3. 102). He explains that the people of Thebes disagrees with his father regarding Antigone’s punishment and considers her honorable. Unfortunately, the citizens fear Creon and they’re helpless in this situation. This leads Creon to get enraged at his son and his mind is still set on executing Antigone.
When Antigone is caught burying her brother, she is taken to Creon. When Creon confronts her and inquires why she breaks the law, she responds, “that to die is precious little pain. But if I had allowed my own mother’s son to rot, an unburied corpse—that would have been an agony” (1279). Antigone’s devotion to her kin is more important ... ... middle of paper ... ...ud and been loyal to his kin and the gods, he could be celebrating his son’s wedding instead of mourning the deaths of his wife and son. Antigone’s pride is how she displays her loyalty to her brother and the gods this is the reason for her demise.
Creon declares Polyneices not to be buried, punishes and kills Antigone for trying to give her brother a proper burial, lets no one mourn his death (SP4). Although Creon didn’t kill himself he has to live with his knowing that he brought this tragedy on himself. Both characters were challenged together in separate ways with both unfortunate outcomes. In both stories we know that Okonkwo and Creon rule by fear and they both believe that having power is the most important thing; it isn’t (SP1). That trait of fear of weakness may as well of been both Okonkwo and Creon’s tragic flaw which caused the two their devastating downfall.
She does not accept her full punishment of being forced to live in the tomb, but takes the easy way out and kills herself. This is almost an acceptance of defeat to Creon showing she was not willing to go forth with her punishment. Antigone's decision to carry through with the burial of her brother Polynices brought forth no seeable good. Only more catastrophe and chaos struck a family to which they are no strangers. If Antigone had put the good of her countrymen before her deceased brother, the situation could have turned out to benefit all of Thebes.
He is forced to live, knowing that three people are dead because of his ignorance, which is a punishment worse than death. My opinion on this debate is that Antigone is the tragic hero. She tries to help her brother without worrying about what will happen to her. She says, "I intend to give my brother burial. I'll be glad to die in the attempt, -if it's a crime, then it's a crime that God commands" (Sophocles 4).
Appropriately, Creon's station as king place shim in a position of great power, influence and responsibility. The extent of this power was quite evident when he sentenced Antigone to death for disobeying his proclamation. Creon's tragic flaw was his hubris or his pride and arrogance in the face of divine powers. His downfall began when he denied the basic divine right of burial to Polyneices and was cemented when he condemned Antigone for her opposition to his law. When one closely examines Antigone's reasons for burying her brother, it becomes clear that she was simply demonstrating her love, honor, and loyalty to her family.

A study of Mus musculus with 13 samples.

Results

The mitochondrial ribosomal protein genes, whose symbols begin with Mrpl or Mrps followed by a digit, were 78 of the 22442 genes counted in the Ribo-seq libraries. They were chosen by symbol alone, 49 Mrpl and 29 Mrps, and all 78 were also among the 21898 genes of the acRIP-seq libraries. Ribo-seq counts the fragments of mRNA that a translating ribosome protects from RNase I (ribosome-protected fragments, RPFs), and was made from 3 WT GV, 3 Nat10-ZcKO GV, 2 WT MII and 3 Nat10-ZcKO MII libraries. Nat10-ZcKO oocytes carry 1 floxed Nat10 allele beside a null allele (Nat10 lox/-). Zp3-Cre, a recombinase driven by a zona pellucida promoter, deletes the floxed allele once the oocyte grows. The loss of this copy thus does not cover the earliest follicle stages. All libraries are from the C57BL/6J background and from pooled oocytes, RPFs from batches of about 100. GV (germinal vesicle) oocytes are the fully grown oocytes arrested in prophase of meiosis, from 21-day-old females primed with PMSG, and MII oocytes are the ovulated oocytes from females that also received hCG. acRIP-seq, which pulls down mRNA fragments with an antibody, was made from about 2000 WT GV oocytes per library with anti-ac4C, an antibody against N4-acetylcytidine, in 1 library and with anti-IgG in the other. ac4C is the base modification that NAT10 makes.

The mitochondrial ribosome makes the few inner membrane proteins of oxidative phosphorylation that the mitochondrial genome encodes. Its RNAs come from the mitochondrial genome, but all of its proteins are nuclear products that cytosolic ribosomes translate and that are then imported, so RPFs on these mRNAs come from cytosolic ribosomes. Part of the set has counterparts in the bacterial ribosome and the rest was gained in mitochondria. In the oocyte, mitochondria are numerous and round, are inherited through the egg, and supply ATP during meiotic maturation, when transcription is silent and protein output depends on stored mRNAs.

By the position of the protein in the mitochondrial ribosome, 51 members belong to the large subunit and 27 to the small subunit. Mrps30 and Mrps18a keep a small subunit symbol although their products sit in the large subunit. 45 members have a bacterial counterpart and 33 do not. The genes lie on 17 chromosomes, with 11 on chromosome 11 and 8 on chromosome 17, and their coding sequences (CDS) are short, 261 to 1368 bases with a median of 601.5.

That morale law was to honor her brother and give him the respectful and proper burial that he deserved just as her other brother was given. The love she had for her family was the only thing she had left to honor. Ismene, Antigone’s sister was more fearful of the king’s law then the way her heart was leading her. Her values were slightly distorted. Creon finds out that Polynices was buried and this disgusted him so much that his anger was probably bubbling up in the pit of his stomach as if he was on fire.
They both died, one brother Etocles soldier of Creon received the proper burial and the other brother Polynieces was just left in the ground. Creon demanded that nobody would touch him and burry him because he was a traitor. Antigone goes against Creon's rule, she doesn't care if he'll kill her or not. Later Creon finds out that Antigone was going against him of burring her brother and now he wants to punish her. Antigone begs him to kill her she says, "I should have praised and honor for what I have done."
Who on earth alive in the midst of so much grief as I, could fail to find this death a rich reward?” (374) Antigone was willing to risk her own life for the sake of her dead brother’s pride. Creon wants Antigone to know that he has control over her. She defied him and now he has no choice but to punish her. Otherwise it would mean a bruise on his reputation as a ruler. It would prove that he was of weak character, especially since a girl went against him.
One will not stray from the law and what is deemed right by their king, while the other will accept any punishment, even death just to do what she believes is right. After burying her brother, Antigone is caught, and is seems that the state is more powerful than the gods for a time. “And yet you dared defy the law.” (208) Creon thinks that his law is all-powerful and ... ... middle of paper ... ... last, in death. Having hearing this news Eurydice, Creon’s wife kills herself; her last words were a curse on Creon for causing so much wrong in his life. Creon goes to pray for his mistakes to the gods, but they do not listen anymore.